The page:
Posted by Northface Construction  - Owner & Founder

To say that being a contractor is a lucrative profession would be an understatement of sorts. Many people do prosper once they shifted to contracting. Some have even hit the big time and are now undoubtedly wealthy thanks to all the contracts that have come their way.

However, being a contractor doesn’t mean instant fortune. It takes a lot of hard work for a person to have any measure of success in the world of contracting. There are also tons of responsibilities that you have to shoulder, including insurance, which could spell the difference between continuing your operations and shutting everything down.

As a contractor, you can expect to be the subject of lawsuits whenever physical injury or property damage takes place within your work area. In many cases, such claims have caused companies to dissolve because they had to pay for those claims out of pocket since they didn’t have the right insurance coverage.

Contractors definitely need insurance, and not just for cases of personal injury or property damage. Here are some types of insurance for contractors.

Commercial General Liability Insurance

When any physical injury or property damage occurs within a contractor’s work area, the affected party can file a claim against that contractor, who shouldn’t have to worry if he has commercial general liability insurance coverage.

Commercial general liability insurance will shoulder not only the amount being claimed against you but the legal expenses you have incurred as well.

Workers Compensation

Accidents do happen, and workers on any contracting project are typically at risk of getting injured at work. They could also get sick, and in some cases, perish during a project.

If the contractor is an employer who cares about his or her workers, getting workers compensation insurance for them would be of immense help.

A workers compensation insurance policy covers medical treatment, disability income, rehabilitation costs, and compensation for affected workers, or for the families of those who lose their lives while on duty. Workers compensation is also a way for a contractor to protect himself and the business from claims that may be filed by injured workers or the families of deceased employees.

Automobile liability insurance

Contractors use a wide range of vehicles to transport equipment, workers, and materials to a work site. If these vehicles get involved in accidents that cause bodily injury, property damage, or death, the owner of those vehicles may find himself at the receiving end of claims from third parties. With automobile liability insurance, a contractor can pay for any third party claims, as well as all legal costs.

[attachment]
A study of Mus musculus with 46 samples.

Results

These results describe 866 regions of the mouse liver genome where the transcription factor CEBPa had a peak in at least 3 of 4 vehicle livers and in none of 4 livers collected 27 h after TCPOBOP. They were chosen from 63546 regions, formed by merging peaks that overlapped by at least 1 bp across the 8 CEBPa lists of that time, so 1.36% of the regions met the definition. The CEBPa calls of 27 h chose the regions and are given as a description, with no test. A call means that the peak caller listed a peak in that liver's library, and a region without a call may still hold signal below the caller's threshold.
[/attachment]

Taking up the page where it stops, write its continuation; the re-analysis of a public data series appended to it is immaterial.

Builders risk insurance

Often provided along with contractor’s general liability insurance, builders risk insurance protects builders and contractors from the loss of equipment due to neglect, theft, or damage. If you’re a sub-contractor for a construction project or you’re renting out equipment for it, then you can benefit immensely from this type of contractors insurance.

Contractors pollution insurance

Third parties can sue contractors if they violate environmental laws. To protect themselves from the fallout of such lawsuits, contractors need to have contractors pollution insurance, particularly when their business involves processes that could be construed as contributing to pollution.

Roofers insurance

Roofing often finds itself at the top of most “most dangerous jobs” lists, for obvious reasons. Working at such heights on a regular basis can do that. One wrong step and a worker could fall off and hurt anyone on the ground. One slippery tool and it could hit someone else on its way down. If any roofing accident hurts people or damages property, the contractor is liable to pay for them. A roofers insurance policy will guarantee that they won’t be paying for any claims out of pocket.

In a world where you can be sued for just about anything, it’s a smart move to protect yourself and your contracting business from such cases. While it’s true that you will have to pay for insurance premiums, spending money on them is a whole lot better than exhausting your resources to pay for the much more substantial cost of claims against you that a court may award. Contractors insurance is protection, and you need it if you want your business to continue operating without too many worries.